Kingdom Hearts: Simple and Clean – Hikaru Utada
Kingdom Hearts: Simple and Clean – Hikaru Utada
January 29, 2003
Buy Used Copy
A mixture of a Japanese single of Hikaru Utada’s, “COLORS,” and the English version of “Hikari” from Kingdom Hearts, “Simple and Clean,” this single is an unusual fusion that is intended to appeal to two different audiences. When “Simple and Clean” is available on the American version of the Kingdom Hearts Original Soundtrack, why would a game music fan want to reach out into the depths of a Japanese artist’s single to hear the international version of “Simple and Clean” rather than buy the Original Soundtrack? To be honest, I don’t know. Is it an album for two groups of people or something that nobody would love? Read on and see…
“COLORS” is a simple fusion of traditional J-Pop and chillout electronica. Featuring a sweet and dreamy melody projecting against a simple synthesizer bass line and a drum kit, colours are created with the contrast of the ethereal synthetic and tuned percussion elements of the theme, Hikaru Utada’s mesmeric Japanese vocals, and an eventual piano line. Though instrumentally a tad cheesy and repetitive, when the vocals are added, everything seems to fit and become enchanting. Unfortunately, the theme barely develops, based on a simple popular song format that lacks a memorable chorus or interesting instrumental bridges. The timbral diversity of the track and Utada’s gorgeous vocalisation of the verse is the track’s only asset. Given this is the title song, it’s quite a blow for the single that it really doesn’t offer much original. Can the album recover? (7/10)
2) Simple and Clean
The track most Kingdom Hearts fanatics are looking for, “Simple and Clean” is the English version of “Hikari” used in the international version of the game and the domestic Tokyopop soundtrack. It’s not as good as the original due to the jarringly cheesy English lyrics, lack of relation to the Kingdom Hearts storyline, and Hikaru Utada’s somewhat cringe-worthy pronunciation, which almost sounds like a southern USA accent in places (I swear she says ‘Simple and Cletus’ (aka the slack-jawed yokel) rather than ‘Simple and Clean’). However, on a stand-alone basis, it’s a pretty good light-hearted J-Pop theme with a gliding and catchy melody, interesting echoing and manipulation of vocals, and functional but effective instrumentation. People who enjoyed the performance at the end of Kingdom Hearts‘ international version should consider listening to it in album or single, though also ought to be aware of the strength of the Japanese version “Hikari” and the fact this version is available in the domestic soundtrack. (7/10)
3) Simple and Clean -PLANITb Remix-
“Simple and Clean -PLANITb Remix-” is an extended version of the opening theme to the international Kingdom Hearts. It’s very similar to “Hikari -PLANITb Remix-” with the exception of the lyrics. Russell McNamara daringly transforms the original J-Pop ballad into an unrecognisable dance remix featuring lots of electronic effects and vocal distortion. Upbeat, funky, and fun, the vibrant beats synchronise well with Hikaru Utada’s superb vocals and the unusual music technology manipulation makes the track original and intellectually appealing. The extended and highly experimental opening of the track will be unfamiliar for those who have played the game or heard “Hikari -PLANITb Remix-” on the Original Soundtrack. It’s long-winded and techno-influenced with little relevance to the core of the track and was likely added to the track after the so-called ‘short edit’ so that those who have heard the Kingdom Hearts Original Soundtrack think they have something to gain. Unfortunately, they don’t, though the remix is perhaps the highlight of the CD and the only game-related feature not directly included in another album. (8/10)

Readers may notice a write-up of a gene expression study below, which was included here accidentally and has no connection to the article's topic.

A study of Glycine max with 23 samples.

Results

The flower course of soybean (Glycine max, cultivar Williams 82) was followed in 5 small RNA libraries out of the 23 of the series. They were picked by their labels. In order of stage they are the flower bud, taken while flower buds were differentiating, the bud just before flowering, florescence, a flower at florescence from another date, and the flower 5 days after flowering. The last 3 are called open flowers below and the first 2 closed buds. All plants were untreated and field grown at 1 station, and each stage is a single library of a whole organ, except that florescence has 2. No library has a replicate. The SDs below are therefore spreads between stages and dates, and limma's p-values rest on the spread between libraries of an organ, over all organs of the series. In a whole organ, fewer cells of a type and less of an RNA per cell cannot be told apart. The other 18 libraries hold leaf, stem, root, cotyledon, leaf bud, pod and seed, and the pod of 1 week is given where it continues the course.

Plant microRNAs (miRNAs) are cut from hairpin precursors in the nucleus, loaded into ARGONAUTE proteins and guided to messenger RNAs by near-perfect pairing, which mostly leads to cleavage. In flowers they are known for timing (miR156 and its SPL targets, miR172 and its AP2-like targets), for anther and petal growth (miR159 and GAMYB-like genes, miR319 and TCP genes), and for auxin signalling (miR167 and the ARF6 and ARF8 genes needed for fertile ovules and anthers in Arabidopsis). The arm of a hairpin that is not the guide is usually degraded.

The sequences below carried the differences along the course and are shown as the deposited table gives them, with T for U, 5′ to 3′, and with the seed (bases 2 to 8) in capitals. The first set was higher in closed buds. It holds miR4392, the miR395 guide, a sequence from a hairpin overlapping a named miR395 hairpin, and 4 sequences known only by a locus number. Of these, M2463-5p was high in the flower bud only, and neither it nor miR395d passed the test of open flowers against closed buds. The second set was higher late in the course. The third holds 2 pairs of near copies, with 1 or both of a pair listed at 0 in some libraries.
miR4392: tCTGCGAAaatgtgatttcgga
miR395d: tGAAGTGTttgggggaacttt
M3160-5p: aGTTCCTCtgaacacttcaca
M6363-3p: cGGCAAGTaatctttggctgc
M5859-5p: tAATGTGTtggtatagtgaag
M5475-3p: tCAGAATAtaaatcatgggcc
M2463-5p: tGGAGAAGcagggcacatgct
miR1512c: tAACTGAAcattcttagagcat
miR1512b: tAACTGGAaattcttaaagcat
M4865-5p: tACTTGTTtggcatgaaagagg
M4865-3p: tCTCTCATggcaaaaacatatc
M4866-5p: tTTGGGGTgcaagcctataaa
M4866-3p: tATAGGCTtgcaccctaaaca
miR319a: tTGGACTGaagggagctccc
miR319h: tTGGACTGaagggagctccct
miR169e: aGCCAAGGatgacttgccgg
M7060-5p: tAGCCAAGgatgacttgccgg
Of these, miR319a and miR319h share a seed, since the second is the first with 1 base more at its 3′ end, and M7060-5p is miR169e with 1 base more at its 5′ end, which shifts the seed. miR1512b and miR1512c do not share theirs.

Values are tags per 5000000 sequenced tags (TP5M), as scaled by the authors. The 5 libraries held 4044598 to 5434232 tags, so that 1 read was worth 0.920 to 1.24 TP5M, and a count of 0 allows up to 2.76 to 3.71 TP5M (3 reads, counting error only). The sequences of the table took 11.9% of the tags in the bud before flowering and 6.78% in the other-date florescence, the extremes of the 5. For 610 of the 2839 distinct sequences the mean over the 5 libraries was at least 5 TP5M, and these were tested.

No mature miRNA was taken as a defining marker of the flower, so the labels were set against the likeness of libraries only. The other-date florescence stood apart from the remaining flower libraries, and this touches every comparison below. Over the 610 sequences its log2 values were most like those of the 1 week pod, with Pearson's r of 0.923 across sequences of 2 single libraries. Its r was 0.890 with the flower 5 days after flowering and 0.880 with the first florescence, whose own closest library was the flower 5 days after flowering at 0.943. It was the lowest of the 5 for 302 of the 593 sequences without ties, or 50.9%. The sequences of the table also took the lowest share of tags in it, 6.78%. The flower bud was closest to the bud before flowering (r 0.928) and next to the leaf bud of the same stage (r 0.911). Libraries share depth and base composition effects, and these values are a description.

4) COLORS -Original Karaoke-
A rendition of “COLORS” except without the vocals. All those who have checked out Japanese vocal singles before will know the trick. Blah. (5/10)
This single only really exists for a commercialistic purpose. Were Square to place “Simple and Clean” and its PLANITb Remix into the Kingdom Hearts: Hikari – Hikaru Utada single instead of this one, the redundancy of having two Kingdom Hearts singles would have been avoided and the empty “Hikari” single would have had more meaningful content. It seems rather like a cheap trick to get game music fans to buy two singles and the lack of relevance of “COLORS” to Kingdom Hearts makes “Simple and Clean” seem further misplaced. Though this album might appeal to hardcore fans of Hikaru Utada, given it constitutes an official single from her and “COLORS” is fairly pleasant, most Kingdom Hearts fans would be better off without it.